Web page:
Libyan air strikes kill four, wound 37: government

Heavy smoke rises above buildings during clashes between the internationally-recognised Government of National Accord (GNA) and forces loyal to strongman Khalifa Haftar, in Espiaa, about 40 kilometres (25 miles) south of the Libyan capital Tripoli on April 29, 2019. (AFP)
Updated 30 April 2019

  • The country has been mired in chaos since the NATO-backed uprising that deposed and killed dictator Muammar Qaddafi in 2011

TRIPOLI: Air raids on Tripoli Sunday night killed four people and wounded 37, Libya’s Government of National Accord (GNA) said Monday, blaming the attacks on strongman Khalifa Haftar’s self-styled Libyan National Army (LNA).
This came a day after a similar attack on the capital killed another four civilians and injured 20, according to the GNA.
Haftar’s LNA launched an offensive against Tripoli, the seat of the internationally-recognized GNA, on April 4.
After initial gains, Haftar’s forces have encountered stiff resistance on the southern outskirts and his troops have been pushed back in some areas.
At least 278 people have been killed and more than 1,300 wounded in the clashes, according to a toll released Wednesday by the World Health Organization.
The GNA accuses Haftar of using foreign planes to carry out air strikes, without naming a country of origin.
After Sunday’s raids, “public hospitals received four dead people — three civilians and a soldier, and 37 wounded, Amin Al-Hachemi, a spokesman for the GNA health ministry told AFP.
“The toll may rise given that victims have been transported to private hospitals.”
The parts of Tripoli struck were Abou Slim, a densely-populated residential area in the south, and Ain Zara, a southern suburb that has seen several violent clashes in recent weeks.
A spokesman for the LNA confirmed Saturday’s strikes on the capital, but said they were aimed at military targets.
“The capital is experiencing an escalation in the military offensive, war crimes, and indiscriminate bombings of residential areas, public facilities and infrastructure,” Mohanad Younes, a spokesman for the GNA, said on the government’s Facebook page.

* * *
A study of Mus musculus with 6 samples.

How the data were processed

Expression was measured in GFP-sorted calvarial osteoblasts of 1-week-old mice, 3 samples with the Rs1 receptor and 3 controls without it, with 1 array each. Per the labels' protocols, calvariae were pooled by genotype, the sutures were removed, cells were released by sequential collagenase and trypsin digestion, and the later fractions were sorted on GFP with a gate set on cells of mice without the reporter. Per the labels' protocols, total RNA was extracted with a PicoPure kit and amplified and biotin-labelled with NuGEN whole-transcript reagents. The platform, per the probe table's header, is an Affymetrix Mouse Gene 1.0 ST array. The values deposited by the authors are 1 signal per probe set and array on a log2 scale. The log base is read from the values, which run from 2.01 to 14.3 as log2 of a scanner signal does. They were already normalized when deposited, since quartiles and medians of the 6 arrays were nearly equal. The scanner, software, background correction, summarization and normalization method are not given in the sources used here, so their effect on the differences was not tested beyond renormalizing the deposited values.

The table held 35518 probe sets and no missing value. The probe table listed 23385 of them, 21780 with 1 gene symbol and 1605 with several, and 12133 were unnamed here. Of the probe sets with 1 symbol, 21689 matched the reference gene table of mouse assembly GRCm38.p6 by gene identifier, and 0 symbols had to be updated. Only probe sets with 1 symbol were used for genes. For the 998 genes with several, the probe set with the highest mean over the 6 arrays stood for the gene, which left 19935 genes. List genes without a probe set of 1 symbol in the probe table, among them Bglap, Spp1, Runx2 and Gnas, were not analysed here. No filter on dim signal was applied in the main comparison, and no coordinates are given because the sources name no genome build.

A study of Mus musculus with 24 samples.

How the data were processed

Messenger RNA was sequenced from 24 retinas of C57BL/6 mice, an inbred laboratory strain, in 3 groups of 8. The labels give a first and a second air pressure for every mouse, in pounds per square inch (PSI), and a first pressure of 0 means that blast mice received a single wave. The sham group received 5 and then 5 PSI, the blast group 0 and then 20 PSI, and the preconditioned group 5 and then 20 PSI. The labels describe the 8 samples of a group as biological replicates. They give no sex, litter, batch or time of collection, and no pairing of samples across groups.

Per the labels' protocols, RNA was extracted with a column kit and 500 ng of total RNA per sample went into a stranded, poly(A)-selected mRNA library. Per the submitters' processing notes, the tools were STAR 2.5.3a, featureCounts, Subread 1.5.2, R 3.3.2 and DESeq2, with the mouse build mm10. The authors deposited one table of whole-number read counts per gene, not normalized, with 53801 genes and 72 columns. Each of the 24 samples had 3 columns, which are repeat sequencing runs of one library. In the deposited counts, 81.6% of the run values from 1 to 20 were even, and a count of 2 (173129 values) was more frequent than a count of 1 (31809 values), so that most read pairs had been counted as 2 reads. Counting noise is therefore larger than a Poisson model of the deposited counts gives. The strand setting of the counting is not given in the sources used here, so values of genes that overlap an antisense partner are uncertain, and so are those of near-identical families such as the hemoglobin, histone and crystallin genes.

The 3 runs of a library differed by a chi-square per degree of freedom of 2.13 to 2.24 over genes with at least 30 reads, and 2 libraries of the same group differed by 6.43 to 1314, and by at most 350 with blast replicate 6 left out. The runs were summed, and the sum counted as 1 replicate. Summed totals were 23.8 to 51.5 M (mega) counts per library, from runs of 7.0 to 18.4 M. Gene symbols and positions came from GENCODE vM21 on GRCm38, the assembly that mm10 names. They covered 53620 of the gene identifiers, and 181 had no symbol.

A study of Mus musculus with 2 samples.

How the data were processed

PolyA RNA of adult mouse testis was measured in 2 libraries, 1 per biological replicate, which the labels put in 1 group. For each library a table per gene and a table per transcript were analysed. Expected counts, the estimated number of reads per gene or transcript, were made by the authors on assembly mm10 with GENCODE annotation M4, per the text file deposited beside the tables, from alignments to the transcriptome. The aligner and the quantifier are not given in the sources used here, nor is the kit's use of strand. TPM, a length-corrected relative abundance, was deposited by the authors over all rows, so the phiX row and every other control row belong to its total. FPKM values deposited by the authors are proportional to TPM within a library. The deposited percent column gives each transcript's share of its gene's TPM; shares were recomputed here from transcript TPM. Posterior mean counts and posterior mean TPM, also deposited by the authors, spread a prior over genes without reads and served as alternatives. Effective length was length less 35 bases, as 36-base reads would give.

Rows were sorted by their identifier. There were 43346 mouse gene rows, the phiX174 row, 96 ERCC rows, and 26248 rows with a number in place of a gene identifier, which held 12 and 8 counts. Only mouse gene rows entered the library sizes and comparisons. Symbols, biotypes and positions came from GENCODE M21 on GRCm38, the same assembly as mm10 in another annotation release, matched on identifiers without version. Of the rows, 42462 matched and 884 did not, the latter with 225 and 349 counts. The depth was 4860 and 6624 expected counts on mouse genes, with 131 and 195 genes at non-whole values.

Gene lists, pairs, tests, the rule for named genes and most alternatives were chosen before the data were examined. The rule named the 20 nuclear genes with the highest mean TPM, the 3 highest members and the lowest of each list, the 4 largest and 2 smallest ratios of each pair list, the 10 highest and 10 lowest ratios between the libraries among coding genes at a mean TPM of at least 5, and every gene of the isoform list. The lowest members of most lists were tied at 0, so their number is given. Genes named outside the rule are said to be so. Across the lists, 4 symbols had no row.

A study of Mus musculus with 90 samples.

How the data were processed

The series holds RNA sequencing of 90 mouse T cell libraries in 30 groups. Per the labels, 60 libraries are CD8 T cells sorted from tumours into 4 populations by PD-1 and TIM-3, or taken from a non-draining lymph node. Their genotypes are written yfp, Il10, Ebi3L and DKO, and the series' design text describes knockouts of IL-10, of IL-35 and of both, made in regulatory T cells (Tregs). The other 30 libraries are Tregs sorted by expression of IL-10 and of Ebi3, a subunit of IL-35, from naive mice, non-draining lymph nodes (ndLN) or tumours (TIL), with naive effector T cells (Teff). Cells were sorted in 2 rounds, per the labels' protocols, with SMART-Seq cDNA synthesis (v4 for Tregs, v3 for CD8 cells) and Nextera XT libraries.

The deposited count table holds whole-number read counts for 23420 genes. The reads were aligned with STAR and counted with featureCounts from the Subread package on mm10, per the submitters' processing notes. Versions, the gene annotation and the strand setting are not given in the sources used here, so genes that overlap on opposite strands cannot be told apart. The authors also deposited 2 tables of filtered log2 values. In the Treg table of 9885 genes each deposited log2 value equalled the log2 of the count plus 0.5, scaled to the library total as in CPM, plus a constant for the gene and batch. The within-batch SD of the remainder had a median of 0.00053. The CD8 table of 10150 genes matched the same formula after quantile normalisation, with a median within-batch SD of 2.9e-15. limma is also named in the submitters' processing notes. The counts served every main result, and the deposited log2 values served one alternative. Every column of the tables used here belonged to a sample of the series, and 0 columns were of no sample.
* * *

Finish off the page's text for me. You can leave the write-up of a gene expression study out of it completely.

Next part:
“Unmanned foreign planes participated in these raids, the latest ones having hit homes in Ain Zara and Abou Slim,” said Younes.
The responsibility for these acts, he added, rests “with the states which support the belligerent forces of the criminal Haftar.”
Haftar’s offensive has sharpened fault lines in policy toward Libya among world powers.
On April 18, Russia and the United States opposed a British bid backed by France and Germany at the UN Security Council to demand a cease-fire in the North African country.
The White House revealed the next day that Donald Trump had reached out personally to Haftar in a phone call, during which the US president “recognized Field Marshal Haftar’s significant role in fighting terrorism and securing Libya’s oil resources.”
The country has been mired in chaos since the NATO-backed uprising that deposed and killed dictator Muammar Qaddafi in 2011.


Iran commemorates war with parade of tanks, missiles

Updated 23 September 2019

Iran commemorates war with parade of tanks, missiles

  • Saudi Arabia and the US have accused Iran of a Sept. 14 drone and missile attack on oil facilities

JEDDAH: As Saudi Arabia prepared to celebrate its National Day with entertainment events, firework displays and cultural events, Iran staged a military parade in Tehran on Sunday with tanks, missiles and armored vehicles.

President Hassan Rouhani and Iranian military leaders saluted as ranks of soldiers marched past them in tight unison, followed by an array of military hardware.

Among the weapons on display in the parade, held to mark the anniversary of the start of the Iran-Iraq war in 1980, was an upgraded warhead for the Khorramshahr ballistic missile, said to have a range of 2,000km, and the Kaman 12 drone with a range of 1,000km. Speedboats and warships were shown in video footage on state TV.

Saudi Arabia and the US have accused Iran of a Sept. 14 drone and missile attack on oil facilities in the east of the Kingdom. After the attack the Pentagon ordered US troops to reinforce Saudi air and missile defenses.

In a speech at Monday’s parade, Rouhani denounced the US presence. “Foreign forces can cause problems and insecurity for our people and for our region,” he said.

“If they’re sincere, then they should not make our region the site of an arms race.

“Their presence has always brought pain and misery ... the farther they keep themselves from our region and our nations, the more security there will be.”

The US aims to avoid war with Iran and the additional troops are for “deterrence and defense,” US Secretary of State Mike Pompeo said on Sunday.

“If that deterrence should continue to fail, I am also confident that President Trump would continue to take the actions that are necessary,” he said.